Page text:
Director of the National Institute of Allergy and Infectious Diseases Anthony Fauci speaks during a White House Coronavirus Task Force press briefing at the White House last month.
Director of the National Institute of Allergy and Infectious Diseases Anthony Fauci speaks during a White House Coronavirus Task Force press briefing at the White House last month.

Dr. Anthony Fauci, the nation's senior official for infectious diseases, predicts the United States could begin to achieve early stages of herd immunity against the deadly coronavirus by late spring or summer. And if that happens, Fauci anticipates, "we could really turn this thing around" toward the end of 2021.

In a wide-ranging interview Tuesday on Morning Edition, NPR's Rachel Martin asked Fauci how many Americans need to receive the vaccine to have an impact on the number of COVID-19 infections.

"I would say 50% would have to get vaccinated before you start to see an impact," Fauci said. "But I would say 75 to 85% would have to get vaccinated if you want to have that blanket of herd immunity."

Herd immunity occurs when enough people become immune to the disease that the spread of the virus from person to person becomes unlikely. Fauci pointed to polio and measles as examples of herd immunity.

Fauci said if all goes according to plan, by the end of March or beginning of April more vaccines will be available to the general public.

"Once we get there, if in the subsequent months, April, May, June, July, we get as many people vaccinated as possible, we could really turn this thing around before we get towards the end of the year," Fauci said.

Martin asked Fauci, who has agreed to join President-elect Joe Biden's administration as chief medical adviser, about his level of optimism regarding the distribution of the first round of vaccines across the country this week.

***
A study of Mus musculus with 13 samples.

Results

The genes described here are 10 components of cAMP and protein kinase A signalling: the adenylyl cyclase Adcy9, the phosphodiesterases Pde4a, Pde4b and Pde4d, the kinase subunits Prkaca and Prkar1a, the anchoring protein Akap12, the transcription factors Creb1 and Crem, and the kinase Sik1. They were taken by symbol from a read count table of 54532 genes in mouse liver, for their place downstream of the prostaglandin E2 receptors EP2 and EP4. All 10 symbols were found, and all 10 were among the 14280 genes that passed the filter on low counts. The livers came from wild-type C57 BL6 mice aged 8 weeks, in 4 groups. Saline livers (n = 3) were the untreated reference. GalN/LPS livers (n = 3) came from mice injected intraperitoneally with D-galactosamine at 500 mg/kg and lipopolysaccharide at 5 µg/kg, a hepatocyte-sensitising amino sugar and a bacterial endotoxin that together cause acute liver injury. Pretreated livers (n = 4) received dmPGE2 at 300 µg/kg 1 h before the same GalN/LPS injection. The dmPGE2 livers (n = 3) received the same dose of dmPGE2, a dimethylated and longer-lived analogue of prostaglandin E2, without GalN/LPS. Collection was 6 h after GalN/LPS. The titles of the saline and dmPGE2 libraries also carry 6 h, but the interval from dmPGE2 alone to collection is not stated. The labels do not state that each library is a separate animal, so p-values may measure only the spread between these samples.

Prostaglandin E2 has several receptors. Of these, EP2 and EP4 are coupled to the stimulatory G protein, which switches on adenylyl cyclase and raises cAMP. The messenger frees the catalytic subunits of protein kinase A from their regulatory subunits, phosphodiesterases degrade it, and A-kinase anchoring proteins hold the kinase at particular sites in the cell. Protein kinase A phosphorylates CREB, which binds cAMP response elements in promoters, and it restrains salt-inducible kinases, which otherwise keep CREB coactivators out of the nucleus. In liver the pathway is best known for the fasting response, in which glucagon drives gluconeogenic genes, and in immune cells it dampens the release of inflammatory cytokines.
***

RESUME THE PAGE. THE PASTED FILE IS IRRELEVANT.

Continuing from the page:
"Does this feel like the beginning of the end to you?" Martin queried.

"It does in some respects," Fauci said. "It's bittersweet that we have the beginning of what will ultimately be the end game of this pandemic."

He pointed to the grim milestone reached on Monday: 300,000 Americans have died due to coronavirus-related complications, far out-pacing all other nations.

"We still have a raging outbreak that we need to get under control, so at the same time as we're administering the vaccine as quickly and as expeditiously as possible, we still have to implement the public health measures to prevent the surges we're seeing throughout the country."

Fauci, director of the National Institute of Allergy and Infectious Diseases, reiterated to NPR his plans to publicly take the vaccine when it becomes available to him. But he has not yet scheduled it.

He noted that by taking the vaccine in front of cameras he might win over skeptical Americans who feel the vaccine is not safe and dispel misconceptions that researchers rushed its development.

"I will get vaccinated myself publicly to essentially put aside the concern that some people have about safety and about whether we went too fast, which we did not," Fauci said.

He added that the speed at which the vaccine was developed was due to "scientific advances" which allowed it to be developed in months not years.

In a separate interview with ABC News on Tuesday, Fauci said he believes President-elect Joe Biden and Vice President-elect Kamala Harris should receive the vaccine immediately, suggesting it is a matter of national security.

"For security reasons, I really feel strongly that we should get them vaccinated as soon as we possibly can," Fauci said on Good Morning America. "You want him fully protected as he enters into the presidency in January, so that would be my strong recommendation."

Copyright 2020 NPR. To see more, visit https://www.npr.org.